Award-winning quilter and Southern Highland Craft Guild member Cynthia Hall dates her interest in the fiber arts to her own Asheville childhood. “I slept under an antique quilt in my grandmother’s home,” she says, a quilt made by her great-great-great-aunt. “I think that has left a lasting impression on me.”
“My grandmother always made most of my clothes while I was growing up,” she says, “and she also crocheted and quilted. I would spend several weeks with her during the summers and she would always get me started on a ‘craft project’ of some sort. I did a lot of sewing for my children and home over the years. When [my grandmother] was placed in a nursing home in 1994, I was given her stash, which included an unfinished quilt and her sewing machine. I decided to learn to quilt properly and finish the quilt. I took a class and was able to show her the finished class project before she died, but not her quilt. Well, twelve years later I’m almost finished hand-quilting her quilt, but many quilts have passed through my studio in the meantime.
“I am drawn to the traditional patterns, but sometimes I need to break out a bit and throw in a twist. Not all of my work is traditional, but I always end up back there. I find that I can use nontraditional colors or settings to update traditional patterns. I really enjoy working with log cabin blocks and whole cloth. I also have many of my husband’s family [quilts] and my grandmother’s quilts, and have enjoyed recreating these cherished pieces. I generally machine-piece and -quilt now.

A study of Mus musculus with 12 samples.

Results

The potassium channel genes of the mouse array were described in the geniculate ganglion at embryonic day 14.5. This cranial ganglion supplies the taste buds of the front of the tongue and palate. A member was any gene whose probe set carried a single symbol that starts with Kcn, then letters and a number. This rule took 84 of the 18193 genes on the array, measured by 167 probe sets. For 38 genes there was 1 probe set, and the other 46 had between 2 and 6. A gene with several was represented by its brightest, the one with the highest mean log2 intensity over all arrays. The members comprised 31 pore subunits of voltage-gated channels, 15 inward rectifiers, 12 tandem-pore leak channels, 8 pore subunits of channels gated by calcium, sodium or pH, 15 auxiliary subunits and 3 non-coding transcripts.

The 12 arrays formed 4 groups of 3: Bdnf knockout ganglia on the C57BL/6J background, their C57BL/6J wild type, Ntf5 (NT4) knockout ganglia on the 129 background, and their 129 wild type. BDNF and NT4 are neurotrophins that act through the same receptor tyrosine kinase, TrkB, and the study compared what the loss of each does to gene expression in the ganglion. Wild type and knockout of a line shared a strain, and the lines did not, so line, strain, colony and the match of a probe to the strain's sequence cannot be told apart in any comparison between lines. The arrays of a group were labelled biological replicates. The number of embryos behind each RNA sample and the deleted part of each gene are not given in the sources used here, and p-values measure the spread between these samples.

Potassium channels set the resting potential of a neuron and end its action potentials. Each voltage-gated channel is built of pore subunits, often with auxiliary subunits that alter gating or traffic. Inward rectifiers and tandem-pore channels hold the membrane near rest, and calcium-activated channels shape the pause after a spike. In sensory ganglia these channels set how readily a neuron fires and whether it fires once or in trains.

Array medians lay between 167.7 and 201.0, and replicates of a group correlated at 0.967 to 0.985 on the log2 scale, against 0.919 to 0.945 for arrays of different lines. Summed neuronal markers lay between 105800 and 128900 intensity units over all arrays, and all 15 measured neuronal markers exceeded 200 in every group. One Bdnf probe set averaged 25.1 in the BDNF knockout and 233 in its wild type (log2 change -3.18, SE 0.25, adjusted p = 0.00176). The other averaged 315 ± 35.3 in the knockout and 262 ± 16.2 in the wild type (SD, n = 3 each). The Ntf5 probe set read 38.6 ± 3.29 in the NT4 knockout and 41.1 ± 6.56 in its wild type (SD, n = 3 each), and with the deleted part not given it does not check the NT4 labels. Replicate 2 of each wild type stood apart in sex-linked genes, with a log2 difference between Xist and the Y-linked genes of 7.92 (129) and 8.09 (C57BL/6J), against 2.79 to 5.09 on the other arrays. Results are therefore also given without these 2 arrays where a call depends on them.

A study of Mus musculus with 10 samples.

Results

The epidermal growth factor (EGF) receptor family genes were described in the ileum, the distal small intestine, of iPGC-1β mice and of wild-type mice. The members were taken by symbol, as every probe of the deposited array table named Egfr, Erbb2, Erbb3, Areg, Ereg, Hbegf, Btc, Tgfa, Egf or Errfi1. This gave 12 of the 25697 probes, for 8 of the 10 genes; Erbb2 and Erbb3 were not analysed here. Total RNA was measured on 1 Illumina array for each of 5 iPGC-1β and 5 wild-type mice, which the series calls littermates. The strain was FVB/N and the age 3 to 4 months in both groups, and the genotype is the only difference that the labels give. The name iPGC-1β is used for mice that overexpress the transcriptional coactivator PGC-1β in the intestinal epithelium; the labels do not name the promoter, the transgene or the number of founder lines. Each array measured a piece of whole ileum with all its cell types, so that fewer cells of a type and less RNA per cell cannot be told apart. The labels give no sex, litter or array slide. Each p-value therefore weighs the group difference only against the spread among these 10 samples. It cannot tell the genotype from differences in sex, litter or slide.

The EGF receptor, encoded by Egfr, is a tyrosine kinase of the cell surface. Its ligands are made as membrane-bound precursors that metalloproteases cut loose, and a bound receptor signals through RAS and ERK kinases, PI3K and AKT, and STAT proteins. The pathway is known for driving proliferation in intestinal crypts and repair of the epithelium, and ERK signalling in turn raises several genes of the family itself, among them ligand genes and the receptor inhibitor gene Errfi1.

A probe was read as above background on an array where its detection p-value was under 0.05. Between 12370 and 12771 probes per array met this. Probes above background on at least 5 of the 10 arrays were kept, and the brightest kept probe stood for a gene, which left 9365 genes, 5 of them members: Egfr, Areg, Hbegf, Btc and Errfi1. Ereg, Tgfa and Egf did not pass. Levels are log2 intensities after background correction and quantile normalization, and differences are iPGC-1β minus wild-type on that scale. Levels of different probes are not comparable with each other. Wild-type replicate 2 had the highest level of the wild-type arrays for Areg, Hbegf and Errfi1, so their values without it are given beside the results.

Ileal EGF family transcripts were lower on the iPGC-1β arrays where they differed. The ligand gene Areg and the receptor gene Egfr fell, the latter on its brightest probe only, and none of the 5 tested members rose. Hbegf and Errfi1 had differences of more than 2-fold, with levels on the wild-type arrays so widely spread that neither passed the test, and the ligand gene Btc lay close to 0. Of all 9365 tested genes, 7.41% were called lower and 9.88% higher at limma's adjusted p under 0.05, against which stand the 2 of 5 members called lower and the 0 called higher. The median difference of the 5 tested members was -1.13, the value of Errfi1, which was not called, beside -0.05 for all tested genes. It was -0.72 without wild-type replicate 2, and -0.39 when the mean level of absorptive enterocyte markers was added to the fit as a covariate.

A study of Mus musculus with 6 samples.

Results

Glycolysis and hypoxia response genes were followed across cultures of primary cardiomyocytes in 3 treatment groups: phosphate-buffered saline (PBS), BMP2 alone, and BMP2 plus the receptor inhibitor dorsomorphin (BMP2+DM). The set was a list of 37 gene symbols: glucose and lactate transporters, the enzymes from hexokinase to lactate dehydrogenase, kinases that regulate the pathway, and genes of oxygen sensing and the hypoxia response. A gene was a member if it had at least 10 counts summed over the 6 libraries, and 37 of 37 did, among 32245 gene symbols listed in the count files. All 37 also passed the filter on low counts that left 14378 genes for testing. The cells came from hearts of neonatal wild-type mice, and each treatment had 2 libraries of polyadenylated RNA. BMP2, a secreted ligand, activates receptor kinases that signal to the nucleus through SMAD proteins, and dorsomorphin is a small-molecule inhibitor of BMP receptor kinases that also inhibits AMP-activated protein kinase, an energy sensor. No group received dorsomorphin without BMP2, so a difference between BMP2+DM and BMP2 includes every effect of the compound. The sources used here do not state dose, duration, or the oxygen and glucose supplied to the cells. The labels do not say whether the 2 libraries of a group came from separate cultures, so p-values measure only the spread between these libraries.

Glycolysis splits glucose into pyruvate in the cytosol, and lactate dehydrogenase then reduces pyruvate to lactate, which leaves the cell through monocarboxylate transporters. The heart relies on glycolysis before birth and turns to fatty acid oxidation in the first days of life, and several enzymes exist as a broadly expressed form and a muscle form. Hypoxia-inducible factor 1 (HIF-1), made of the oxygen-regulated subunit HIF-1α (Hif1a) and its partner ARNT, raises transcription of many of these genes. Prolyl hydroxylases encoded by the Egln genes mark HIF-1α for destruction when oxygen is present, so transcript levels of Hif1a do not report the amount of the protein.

“Whenever I tell someone I’m a quilter, I always hear a story of how a quilt is a memorable item in a life. Whether they played under the frame during a bee, slept under a stack, [went] to pick the right feed sacks, or loved picking out their clothes in the patches, everyone has a warm story. I am happy that someone can relive a precious moment in their past just by seeing a quilt.”
Cindy Hall teaches quilting classes in the Asheville area, and demonstrates occasionally at the Folk Art Center.